Melbourne to lift world's longest COVID-19 lockdown

Melbourne to lift world's longest COVID-19 lockdown

Melbourne is believed has been under more than 260 days of lockdown since March of 2020, recently surpassing Buenos Aires, Argentina for the longest lockdown globally. It is expected to be lifted on Friday, when the state of Victoria, of which Melbourne is the capital, is projected to reach a 70 percent full vaccination rate.

"I could not be more proud of our community coming forward, making these decisions to protect themselves, to protect the people they love, and to protect all of us against this global pandemic," Victoria Premier Daniel Andrews said on Sunday according to Australia's Special Broadcasting Service (SBS). "Today is a great day. Today is a day when Victorians can be proud of what they have achieved."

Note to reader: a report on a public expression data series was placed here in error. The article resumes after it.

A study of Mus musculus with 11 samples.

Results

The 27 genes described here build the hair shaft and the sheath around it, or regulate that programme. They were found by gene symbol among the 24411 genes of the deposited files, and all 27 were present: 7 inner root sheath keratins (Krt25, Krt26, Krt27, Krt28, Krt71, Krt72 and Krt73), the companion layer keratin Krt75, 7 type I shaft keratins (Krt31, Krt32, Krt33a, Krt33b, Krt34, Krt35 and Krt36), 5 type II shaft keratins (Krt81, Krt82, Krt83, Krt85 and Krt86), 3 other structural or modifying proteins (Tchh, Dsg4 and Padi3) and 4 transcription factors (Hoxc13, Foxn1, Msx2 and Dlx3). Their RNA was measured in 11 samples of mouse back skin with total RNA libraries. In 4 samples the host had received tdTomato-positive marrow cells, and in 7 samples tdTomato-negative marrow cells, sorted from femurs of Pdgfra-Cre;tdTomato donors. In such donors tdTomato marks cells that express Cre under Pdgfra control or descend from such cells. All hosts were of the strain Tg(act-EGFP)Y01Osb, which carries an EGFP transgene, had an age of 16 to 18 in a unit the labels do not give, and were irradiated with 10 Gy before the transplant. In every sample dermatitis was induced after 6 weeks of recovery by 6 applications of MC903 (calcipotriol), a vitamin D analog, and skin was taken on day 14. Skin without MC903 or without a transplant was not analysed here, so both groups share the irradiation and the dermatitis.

However, SBS noted that some restrictions will still apply in public with density limits still in effect for venues. People will be permitted to have 10 guests in their home per day as long as they are fully vaccinated. Groups of up to 15 people can gather outside.

Andrews noted that around 90 percent of those currently hospitalized and 97 percent in the intensive care unit are not fully vaccinated.

"Nothing tells the story of the power and the protection of vaccination more than those stats," said Andrews. "And they are not numbers, they are people that are very, very unwell. Some of whom are gravely unwell, gasping for air, they are not vaccinated, not fully vaccinated, almost all of them."